The following story is from the April 26, 2010, edition of USA Today. Peter Weyand, associate professor of applied physiology and biomechanics in SMU's Department of Applied Physiology & Wellness, provided expertise for this story.
April 26, 2010
By Vicki Michaelis
Comparing Olympic hopeful sprinter Oscar Pistorius, a double-leg amputee, to ultrarunner Amy Palmiero-Winters, a single-leg amputee, is impossible, says the co-author of a study that found Pistorius' light and springy prosthetics enhanced sprint speeds by 15%-30%.
"I can't think of any plausible reason she would be advantaged," Southern Methodist University associate professor Peter Weyand says. "I can think of lots of reasons why she would not be."
Pistorius' crescent-shaped, carbon-fiber prosthetics, which are half the weight of biological limbs, help him reposition his legs more quickly, Weyand and the University of Wyoming's Matthew Bundle determined.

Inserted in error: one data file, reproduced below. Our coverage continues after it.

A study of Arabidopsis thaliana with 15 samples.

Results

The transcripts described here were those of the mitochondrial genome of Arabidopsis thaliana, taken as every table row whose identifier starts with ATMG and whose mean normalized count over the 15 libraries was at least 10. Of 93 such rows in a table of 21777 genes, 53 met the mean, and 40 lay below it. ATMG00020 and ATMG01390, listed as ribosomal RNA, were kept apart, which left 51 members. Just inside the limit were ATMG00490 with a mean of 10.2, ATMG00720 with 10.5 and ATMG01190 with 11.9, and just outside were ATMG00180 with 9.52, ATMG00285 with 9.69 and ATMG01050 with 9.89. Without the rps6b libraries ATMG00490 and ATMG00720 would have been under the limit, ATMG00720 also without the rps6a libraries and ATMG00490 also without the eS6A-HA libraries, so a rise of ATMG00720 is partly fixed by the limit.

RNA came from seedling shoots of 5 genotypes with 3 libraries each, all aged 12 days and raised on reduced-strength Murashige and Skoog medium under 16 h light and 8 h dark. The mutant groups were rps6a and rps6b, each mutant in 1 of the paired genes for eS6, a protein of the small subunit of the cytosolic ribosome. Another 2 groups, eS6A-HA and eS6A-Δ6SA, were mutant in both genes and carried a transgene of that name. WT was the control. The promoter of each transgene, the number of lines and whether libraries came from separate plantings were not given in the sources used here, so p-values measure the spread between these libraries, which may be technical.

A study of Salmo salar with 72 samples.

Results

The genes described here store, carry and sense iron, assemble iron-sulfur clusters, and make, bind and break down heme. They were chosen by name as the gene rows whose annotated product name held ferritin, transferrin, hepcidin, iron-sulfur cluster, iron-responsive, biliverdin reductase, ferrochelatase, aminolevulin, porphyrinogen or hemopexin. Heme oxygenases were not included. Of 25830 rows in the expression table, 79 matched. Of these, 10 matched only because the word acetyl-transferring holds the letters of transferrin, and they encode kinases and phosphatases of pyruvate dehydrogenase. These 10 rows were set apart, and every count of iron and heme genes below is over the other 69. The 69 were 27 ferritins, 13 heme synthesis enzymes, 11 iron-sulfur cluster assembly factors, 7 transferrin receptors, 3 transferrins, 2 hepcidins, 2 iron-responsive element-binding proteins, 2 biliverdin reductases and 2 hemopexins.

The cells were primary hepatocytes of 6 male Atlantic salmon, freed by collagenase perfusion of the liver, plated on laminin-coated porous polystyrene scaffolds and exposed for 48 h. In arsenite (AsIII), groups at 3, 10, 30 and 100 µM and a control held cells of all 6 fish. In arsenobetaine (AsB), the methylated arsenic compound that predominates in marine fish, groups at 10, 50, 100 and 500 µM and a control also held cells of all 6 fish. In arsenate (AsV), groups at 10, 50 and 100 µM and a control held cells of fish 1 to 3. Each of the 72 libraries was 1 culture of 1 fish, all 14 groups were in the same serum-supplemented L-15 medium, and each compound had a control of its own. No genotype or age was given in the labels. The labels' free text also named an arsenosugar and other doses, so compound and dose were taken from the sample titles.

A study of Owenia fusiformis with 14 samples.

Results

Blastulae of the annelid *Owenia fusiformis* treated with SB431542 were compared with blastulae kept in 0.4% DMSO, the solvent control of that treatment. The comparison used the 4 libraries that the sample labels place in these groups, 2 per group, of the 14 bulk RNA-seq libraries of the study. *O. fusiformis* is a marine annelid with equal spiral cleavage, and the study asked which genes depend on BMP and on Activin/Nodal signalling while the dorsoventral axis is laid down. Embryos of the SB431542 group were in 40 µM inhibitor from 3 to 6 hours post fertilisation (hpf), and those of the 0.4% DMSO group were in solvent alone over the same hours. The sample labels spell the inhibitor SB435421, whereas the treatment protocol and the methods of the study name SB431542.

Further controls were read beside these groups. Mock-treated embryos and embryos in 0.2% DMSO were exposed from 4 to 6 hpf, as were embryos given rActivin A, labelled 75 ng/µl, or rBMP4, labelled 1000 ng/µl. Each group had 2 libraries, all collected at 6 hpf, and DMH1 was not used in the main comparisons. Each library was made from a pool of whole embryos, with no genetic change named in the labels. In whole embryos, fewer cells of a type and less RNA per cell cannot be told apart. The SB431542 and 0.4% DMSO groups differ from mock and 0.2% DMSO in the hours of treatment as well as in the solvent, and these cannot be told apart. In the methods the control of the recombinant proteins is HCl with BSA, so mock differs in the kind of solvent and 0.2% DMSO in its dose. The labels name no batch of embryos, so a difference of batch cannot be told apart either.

Palmiero-Winters uses a similar prosthetic but because of the slower speeds over greater distances, as well as the asymmetry that having one intact leg and one prosthetic leg creates her situation presents "a very different scientific consideration," Weyand says.
Scientists studying single-leg amputee sprinters have found they do not have an advantage over able-bodied sprinters.
Weyand also notes that Palmiero-Winters has less muscle than able-bodied runners to provide fuel in a long race. "I ran before I lost my leg," she says. "Is it easier now? No. Not even close."